Lambert, Sébastien B., Steven L. Marcus, and Olivier de Viron. “Atmospheric Torques and Earth’s Rotation: What Drove the Millisecond-Level Length-of-Day Response to the 2015-16 El Niño?.”
This figure contains the last three large El Ninos in dashed RED:
The tidal-forced model of ENSO suggests that the blue curves are lunar tidal impulses, even though the above cited paper says any tidal factors have been removed:
“To isolate as much as possible the anomalous changes due to episodic events like ENSO, we subtracted modeled zonal tides (Petit and Luzum, 2010), a multidecadal trend estimated with a 4-yr running mean and a 5.9-yr periodic term, attributed to secular tidal braking / post-glacial rebound (Hide and Dickey, 1991) and variations of the fluid core angular momentum (Hide et al., 2000; Holme and de Viron, 2013), and a mean seasonal cycle estimated over 1979-2017. The residual LOD contains essentially the fluctuation associated with anomalous AAM and oceanic currents, with the latter being less than 5%.”
Their implication is that these large excursions in LOD are associated with strong El Nino events and are mountain torqueing responses to the wind resulting from the ENSO pressure dipole. This creates a drag when the wind passes over the Himalayas, thus slowing the earth’s rotation for a period of time.
In comparison, this is a lunar-forced fit over the entire ENSO interval, in which no window filtering is performed:
Typically, the model will integrate the tidal forcing over a few month window to match the inertial response of ENSO. But if the window is removed, the spikiness at the resolution of a month is revealed more clearly, and these match the excursions in LOD observed in the cited paper:
The ENSO model includes a spiky biennial modulation, which is critical in providing an impulse at the end of each year, but alternately flipping in polarity to emulate the hypothesized seasonal feedback sea-saw. The reason that Lambert et al missed this factor is that they only subtracted the well-known tidal cycles, but none of the seasonal-impulse-modulated terms. Of course one can’t fault them for that, because they do not know that these terms exist.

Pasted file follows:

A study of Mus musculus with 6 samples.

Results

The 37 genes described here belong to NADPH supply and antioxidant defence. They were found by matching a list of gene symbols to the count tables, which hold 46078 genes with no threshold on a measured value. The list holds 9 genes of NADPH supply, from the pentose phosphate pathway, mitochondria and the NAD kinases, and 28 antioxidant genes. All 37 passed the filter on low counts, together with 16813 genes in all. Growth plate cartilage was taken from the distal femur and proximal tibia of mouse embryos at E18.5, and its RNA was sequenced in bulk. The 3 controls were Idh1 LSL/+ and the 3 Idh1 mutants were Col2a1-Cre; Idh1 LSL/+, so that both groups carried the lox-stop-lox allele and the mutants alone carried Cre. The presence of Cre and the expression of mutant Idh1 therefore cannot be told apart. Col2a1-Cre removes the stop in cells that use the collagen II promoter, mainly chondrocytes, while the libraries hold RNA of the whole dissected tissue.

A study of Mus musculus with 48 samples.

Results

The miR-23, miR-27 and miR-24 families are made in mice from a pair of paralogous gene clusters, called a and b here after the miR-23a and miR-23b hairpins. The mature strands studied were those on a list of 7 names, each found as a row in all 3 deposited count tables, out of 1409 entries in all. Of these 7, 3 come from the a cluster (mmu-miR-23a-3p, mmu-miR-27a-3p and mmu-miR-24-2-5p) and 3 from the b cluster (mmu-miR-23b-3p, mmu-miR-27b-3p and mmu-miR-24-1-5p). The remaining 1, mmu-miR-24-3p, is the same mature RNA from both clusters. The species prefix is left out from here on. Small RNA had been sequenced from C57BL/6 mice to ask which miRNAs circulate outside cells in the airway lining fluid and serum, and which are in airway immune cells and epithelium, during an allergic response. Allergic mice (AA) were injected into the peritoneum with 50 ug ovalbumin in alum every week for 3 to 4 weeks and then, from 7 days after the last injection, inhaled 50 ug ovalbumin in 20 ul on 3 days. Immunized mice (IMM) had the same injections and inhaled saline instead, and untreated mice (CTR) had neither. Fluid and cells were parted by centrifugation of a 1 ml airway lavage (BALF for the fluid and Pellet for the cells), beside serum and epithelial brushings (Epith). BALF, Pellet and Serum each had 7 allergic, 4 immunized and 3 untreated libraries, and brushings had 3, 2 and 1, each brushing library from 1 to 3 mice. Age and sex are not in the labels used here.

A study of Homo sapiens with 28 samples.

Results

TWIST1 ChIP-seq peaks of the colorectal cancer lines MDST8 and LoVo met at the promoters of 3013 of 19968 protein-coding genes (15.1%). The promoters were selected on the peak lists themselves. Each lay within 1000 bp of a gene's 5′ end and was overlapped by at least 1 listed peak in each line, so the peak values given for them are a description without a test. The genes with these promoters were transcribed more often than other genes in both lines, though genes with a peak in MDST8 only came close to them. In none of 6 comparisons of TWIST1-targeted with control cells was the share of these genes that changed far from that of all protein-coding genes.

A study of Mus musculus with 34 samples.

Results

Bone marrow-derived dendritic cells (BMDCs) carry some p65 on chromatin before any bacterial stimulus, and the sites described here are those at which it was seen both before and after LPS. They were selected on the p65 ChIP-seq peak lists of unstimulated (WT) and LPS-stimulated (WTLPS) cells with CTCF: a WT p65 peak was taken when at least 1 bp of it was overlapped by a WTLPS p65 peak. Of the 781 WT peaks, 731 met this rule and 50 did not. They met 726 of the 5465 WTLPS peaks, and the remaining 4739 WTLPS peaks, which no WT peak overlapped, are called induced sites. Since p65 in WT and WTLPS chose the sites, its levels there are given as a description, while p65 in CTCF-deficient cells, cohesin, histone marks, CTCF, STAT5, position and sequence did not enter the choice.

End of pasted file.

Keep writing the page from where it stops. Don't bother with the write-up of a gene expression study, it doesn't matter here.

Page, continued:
The research is missing from the climate science literature that justifiably precludes a lunar-forcing mechanism for ENSO (especially on a short time-scale). This is another case that reinforces the idea of a lunar forcing, or at the very least doesn’t preclude it. As you can see from the middle figure, these lunar impulses are littered throughout the ENSO time-series and synchronize with both the El Nino + La Nina excursions and with the well-known tidal cycles that contribute to the LOD variation.
Beware that many researchers try to remove evidence of the lunar forcing from climate indices, ostensibly because they think it is a nuisance variable. Yet, I am not the only one that sees this as being problematic in determining attribution (see QBO for another case of missed lunar attribution). The web-site http://MoonClimate.org run by a former NASA JPL scientist was set up to try to correct this situation. She has many examples of published data that intentionally removes the tidal effects without an accompanying note, making it difficult to root out effects that could be tidal driven. An unsuspecting person would use the cleaned-up signal to dismiss the idea that the tides could even be a factor. It’s like removing the 60 Hz term from a non-linear amplifier output and having an unsuspecting engineer puzzle over why a 120 Hz signal is appearing. They will eventually figure it out but it doesn’t make their job any easier.